At 08:00 on January 12, 2018, the MV World Odyssey docked in it’s first port of the spring voyage: Honolulu, Hawaii. With cabin fever settling in, students were excited to step off the ship for the first time and take advantage of the warm, sunny island.
Voyagers participated in a range of activities due to the fact that students had to enroll in either a field class or field program to leave the ship. Some excursions focused on climate change and environmental factors on the island, while others on experiencing and dissecting local culture. For faculty member Megan Lewis, her first field class was a major success.
Lewis teaches Film and Social Change, which has focused on communicating climate change science through documentary film. Her field class took students to the University of Hawaii to receive a talk on climate science from Chip Fletcher, a professor of Geology and Geophysics at the University of Hawaii at Manoa. After that, students toured the Polynesian Voyaging Society’s headquarters where they met with a Hawaiian filmmaker who recently created a documentary on the society.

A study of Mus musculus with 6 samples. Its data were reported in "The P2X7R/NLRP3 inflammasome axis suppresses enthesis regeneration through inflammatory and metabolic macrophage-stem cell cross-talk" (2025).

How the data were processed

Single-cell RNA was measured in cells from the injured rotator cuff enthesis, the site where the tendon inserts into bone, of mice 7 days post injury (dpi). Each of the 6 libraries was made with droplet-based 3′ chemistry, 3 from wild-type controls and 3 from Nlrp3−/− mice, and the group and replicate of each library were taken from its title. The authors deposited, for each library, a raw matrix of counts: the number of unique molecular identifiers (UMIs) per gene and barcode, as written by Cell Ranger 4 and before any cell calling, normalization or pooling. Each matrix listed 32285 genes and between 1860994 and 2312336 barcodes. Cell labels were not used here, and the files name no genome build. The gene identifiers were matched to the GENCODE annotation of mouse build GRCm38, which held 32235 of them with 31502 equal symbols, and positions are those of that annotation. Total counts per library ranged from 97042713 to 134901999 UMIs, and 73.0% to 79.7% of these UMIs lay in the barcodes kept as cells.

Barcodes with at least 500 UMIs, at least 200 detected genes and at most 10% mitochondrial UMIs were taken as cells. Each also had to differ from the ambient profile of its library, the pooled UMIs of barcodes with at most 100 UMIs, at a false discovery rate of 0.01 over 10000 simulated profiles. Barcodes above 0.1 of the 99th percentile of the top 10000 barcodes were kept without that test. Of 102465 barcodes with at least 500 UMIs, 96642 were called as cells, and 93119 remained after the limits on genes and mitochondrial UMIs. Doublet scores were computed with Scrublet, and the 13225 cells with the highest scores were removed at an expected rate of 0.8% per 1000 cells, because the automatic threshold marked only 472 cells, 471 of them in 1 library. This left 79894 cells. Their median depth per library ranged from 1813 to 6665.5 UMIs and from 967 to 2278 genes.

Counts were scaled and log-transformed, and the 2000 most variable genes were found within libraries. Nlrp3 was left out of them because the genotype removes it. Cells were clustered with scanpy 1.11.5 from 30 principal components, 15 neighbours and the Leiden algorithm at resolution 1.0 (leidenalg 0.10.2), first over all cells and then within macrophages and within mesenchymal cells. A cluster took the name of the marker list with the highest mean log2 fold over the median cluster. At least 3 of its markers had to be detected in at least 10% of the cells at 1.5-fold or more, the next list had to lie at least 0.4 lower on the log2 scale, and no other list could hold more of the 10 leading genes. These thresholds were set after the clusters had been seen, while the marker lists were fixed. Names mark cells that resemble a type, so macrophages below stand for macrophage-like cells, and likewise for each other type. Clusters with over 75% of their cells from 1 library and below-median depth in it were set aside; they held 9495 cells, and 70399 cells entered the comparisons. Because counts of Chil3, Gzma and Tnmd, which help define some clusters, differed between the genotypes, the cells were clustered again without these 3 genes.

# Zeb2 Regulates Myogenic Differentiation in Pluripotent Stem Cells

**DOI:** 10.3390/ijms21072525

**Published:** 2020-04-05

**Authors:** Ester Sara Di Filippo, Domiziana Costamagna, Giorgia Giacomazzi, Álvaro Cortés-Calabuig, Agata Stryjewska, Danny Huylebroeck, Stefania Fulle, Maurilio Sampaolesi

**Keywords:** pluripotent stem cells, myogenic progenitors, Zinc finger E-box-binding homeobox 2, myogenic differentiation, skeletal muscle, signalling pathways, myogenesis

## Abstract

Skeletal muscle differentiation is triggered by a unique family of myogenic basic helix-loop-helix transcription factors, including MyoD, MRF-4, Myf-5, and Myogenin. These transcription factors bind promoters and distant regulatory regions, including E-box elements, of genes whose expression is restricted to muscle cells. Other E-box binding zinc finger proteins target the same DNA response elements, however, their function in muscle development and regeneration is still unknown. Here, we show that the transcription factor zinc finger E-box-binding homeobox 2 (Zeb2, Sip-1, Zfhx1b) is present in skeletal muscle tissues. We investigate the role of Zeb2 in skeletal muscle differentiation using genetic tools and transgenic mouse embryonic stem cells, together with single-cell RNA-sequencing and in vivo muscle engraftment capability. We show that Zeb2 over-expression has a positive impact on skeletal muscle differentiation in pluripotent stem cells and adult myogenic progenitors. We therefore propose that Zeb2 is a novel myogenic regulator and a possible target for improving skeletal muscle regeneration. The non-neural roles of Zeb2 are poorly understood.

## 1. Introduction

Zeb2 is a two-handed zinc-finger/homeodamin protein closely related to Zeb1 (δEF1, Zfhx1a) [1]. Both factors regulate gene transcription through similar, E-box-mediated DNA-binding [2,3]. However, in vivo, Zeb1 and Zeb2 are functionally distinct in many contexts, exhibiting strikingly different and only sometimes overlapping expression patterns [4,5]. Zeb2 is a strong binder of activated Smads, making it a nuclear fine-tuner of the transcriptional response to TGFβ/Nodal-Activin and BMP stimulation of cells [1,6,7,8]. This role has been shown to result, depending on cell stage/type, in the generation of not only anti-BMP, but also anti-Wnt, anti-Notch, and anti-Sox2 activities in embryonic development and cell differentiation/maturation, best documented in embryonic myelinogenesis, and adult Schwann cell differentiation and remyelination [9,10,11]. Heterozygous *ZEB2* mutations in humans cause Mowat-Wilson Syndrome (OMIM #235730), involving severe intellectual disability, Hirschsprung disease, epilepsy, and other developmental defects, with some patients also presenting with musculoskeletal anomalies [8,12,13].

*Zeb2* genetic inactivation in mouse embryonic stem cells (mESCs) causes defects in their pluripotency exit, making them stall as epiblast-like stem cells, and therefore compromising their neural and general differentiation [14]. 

“Chip Fletcher just told so many stories about the science that made it come alive for them and affirmed so much but taught them even more,” Lewis said, “And then combining that with Hawaiian indigeneity and spirit, I think it marries science, art and storytelling all through documentary film.”
On the other side of Oahu, students in the Environmental Conservation course visited Paepae o He’eia fishpond where they learned about Hawaiian methods of aquaculture that promotes economic and ecological sustainability.
“These fishponds are much better than the modern aquaculture nets. Here the water can flow freely, so chemicals and antibiotics don’t need to be fed to the fish. It’s a great way to conserve resources and feed a population,” said Deborah Beal, who leads the course.
Voyagers shared a variety of experiences in Hawaii, many that squashed the misconceptions about Hawaiian people and their culture. Alex Nalbach, director of Global Studies, has been adamant about his course’s role in teaching students to really understand and engage with new cultures.
“This is a huge opportunity to break out of the constraints of the worldview that you knew,” Nalbach said, “For example, in Hawaii, the concept of Aloha spirit is something that we wanted students to understand and the idea that the divine is everywhere, that everything is alive and can be happy if you treat it well.”
Overall, students had a blast and when the time came for students to board the ship once again, many were not yet ready to leave.
“My field class made me hopeful that we can come together and change the world,” said Paige Hornbaker, Spring 2018 voyager.